Full disclosure, I’ve never been to Opening Day in the Yankee Stadium.
However, I still get that tingly feeling – what Ray Liota described in “Field of Dreams” as an itch of an old amputated limb when the calendar turns even though its been more than 10 years since my last competitive baseball game and more than five years since my last semi-competitive game (I played in a Roy Hobbs-style men’s league after moving to D.C.).
We don’t get this way about the first NHL or NFL game, its really only baseball’s grand opening – despite the destruction of the 12:30 Cincinnati start tradition – that gets America’s juices flowing.
I’ve been privileged to go to the last three openers here in Washington and tomorrow I’ll be fortunate enough to go again.
It’ll be my second presidential opening day (to go with one vice presidential toss) as President Obama is slated to do the honors – 100 years after William Howard Taft threw out the first ceremonial first pitch.
Taft’s first toss was in 1910 – and ironically (not in Michael Kay’s understanding of the word, which is to say coincidental, or Alanis Morissette‘s understanding of it, which is to say a string of lousy things) against Philadelphia and Washington – the Athletics and the Senators of the American League respectively.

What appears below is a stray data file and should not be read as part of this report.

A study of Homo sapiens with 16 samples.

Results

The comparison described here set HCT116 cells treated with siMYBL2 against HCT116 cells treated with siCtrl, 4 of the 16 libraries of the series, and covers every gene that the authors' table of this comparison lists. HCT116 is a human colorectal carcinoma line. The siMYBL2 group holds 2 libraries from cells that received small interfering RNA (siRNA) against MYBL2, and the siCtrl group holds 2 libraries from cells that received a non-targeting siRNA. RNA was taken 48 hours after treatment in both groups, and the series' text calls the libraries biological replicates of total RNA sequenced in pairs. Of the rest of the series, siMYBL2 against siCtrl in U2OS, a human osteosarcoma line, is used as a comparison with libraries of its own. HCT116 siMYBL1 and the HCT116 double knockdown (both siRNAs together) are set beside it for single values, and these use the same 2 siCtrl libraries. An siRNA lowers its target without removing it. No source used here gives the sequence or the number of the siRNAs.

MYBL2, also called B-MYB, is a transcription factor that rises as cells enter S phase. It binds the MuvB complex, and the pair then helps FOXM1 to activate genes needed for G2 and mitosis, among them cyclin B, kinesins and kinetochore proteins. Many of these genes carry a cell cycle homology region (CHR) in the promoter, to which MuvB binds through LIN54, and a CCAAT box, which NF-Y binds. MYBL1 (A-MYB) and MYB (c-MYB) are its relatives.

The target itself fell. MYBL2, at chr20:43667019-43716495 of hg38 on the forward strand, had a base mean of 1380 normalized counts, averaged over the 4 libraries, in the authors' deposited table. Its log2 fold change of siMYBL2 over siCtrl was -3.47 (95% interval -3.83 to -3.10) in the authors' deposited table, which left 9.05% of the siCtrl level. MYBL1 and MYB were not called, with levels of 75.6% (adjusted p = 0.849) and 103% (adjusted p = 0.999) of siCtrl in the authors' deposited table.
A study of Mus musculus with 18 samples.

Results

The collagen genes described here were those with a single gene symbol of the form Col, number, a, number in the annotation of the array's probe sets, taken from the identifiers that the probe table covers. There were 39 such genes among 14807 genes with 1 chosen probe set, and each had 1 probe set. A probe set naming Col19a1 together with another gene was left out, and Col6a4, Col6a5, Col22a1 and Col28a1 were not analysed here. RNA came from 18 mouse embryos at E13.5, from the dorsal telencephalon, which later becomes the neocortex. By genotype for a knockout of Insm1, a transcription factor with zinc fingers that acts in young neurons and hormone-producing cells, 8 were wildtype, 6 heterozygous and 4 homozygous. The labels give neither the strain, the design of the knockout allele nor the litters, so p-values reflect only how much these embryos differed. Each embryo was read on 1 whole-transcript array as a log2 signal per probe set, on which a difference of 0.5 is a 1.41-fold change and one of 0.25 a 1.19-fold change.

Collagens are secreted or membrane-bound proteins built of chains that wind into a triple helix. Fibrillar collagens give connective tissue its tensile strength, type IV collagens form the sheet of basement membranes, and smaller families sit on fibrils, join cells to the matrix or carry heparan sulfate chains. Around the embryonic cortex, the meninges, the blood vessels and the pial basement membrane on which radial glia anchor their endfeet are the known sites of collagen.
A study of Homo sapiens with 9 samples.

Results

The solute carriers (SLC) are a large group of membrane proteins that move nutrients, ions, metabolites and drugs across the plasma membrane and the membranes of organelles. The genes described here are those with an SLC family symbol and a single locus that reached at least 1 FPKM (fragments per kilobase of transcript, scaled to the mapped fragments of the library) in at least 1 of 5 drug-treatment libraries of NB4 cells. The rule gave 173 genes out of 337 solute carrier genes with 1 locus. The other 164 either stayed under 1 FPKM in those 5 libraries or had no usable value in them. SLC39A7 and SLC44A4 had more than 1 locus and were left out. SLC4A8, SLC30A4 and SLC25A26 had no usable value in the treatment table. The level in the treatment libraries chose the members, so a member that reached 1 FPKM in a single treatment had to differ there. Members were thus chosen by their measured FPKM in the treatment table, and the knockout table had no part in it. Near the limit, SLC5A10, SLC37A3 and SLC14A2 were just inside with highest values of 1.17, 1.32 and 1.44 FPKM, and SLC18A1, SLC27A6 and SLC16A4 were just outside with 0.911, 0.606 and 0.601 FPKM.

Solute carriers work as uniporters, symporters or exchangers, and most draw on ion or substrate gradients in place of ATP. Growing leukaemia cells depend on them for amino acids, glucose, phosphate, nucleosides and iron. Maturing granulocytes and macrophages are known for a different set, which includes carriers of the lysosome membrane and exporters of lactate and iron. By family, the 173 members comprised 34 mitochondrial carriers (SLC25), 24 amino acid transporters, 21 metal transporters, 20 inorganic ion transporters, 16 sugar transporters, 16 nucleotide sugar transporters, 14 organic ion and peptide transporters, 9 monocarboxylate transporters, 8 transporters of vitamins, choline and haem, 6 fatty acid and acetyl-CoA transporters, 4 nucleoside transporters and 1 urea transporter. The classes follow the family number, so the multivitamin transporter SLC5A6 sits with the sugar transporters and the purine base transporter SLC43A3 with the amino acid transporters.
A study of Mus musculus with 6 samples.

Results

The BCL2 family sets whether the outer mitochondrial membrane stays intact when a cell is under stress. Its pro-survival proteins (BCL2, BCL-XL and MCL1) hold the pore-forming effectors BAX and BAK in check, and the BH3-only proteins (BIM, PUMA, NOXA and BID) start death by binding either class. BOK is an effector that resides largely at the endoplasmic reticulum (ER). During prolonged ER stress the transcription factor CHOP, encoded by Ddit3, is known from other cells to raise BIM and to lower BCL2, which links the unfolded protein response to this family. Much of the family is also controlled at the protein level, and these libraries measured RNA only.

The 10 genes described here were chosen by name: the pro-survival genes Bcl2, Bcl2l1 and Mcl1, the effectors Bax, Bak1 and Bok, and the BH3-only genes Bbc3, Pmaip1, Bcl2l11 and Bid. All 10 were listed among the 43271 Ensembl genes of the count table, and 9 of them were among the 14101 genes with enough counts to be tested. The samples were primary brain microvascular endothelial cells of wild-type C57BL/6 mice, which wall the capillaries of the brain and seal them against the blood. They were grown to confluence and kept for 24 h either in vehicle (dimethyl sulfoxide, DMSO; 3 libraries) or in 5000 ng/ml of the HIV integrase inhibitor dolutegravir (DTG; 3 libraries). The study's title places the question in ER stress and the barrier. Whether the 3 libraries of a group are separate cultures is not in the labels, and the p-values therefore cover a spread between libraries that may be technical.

The pressure will be on Obama to do better than last time he toed the rubber, where he may or may not have bounced it.
Obama also has to live up to America’s greatest president – at least when it comes to ceremonial pitches – George W. Bush.
Say what you want about his policies and politics (and I’ll keep my opinion to myself, so please do the same in the comments), but Dubya threw gas. And not just old man gas – but from my seats in 2008, it looked like he threw a legitimate strike from the mound.
That pitch opened up Nationals Park (and third baseman Ryan Zimmerman closed that game with a walk off homer, cementing my belief that everyone should win their opener and see something great, though I’m not optimistic about tomorrow), and Dubya has some first pitch experience with the Yankees – famously opening up Game Three of the 2001 World Series.
Even Larry Hockett, Durham Bulls pitching coach c. 1988 knows, a major component of Bush’s legacy is his moundsmanship (5:37 mark, though the whole video is good).
So all the pomp and fanfare, presidential or otherwise, is what makes Opening Day great. What makes it an event unlike almost any other on the sporting calendar.
What makes Opening Day special for you, and what do you think about when the calendar strikes baseball?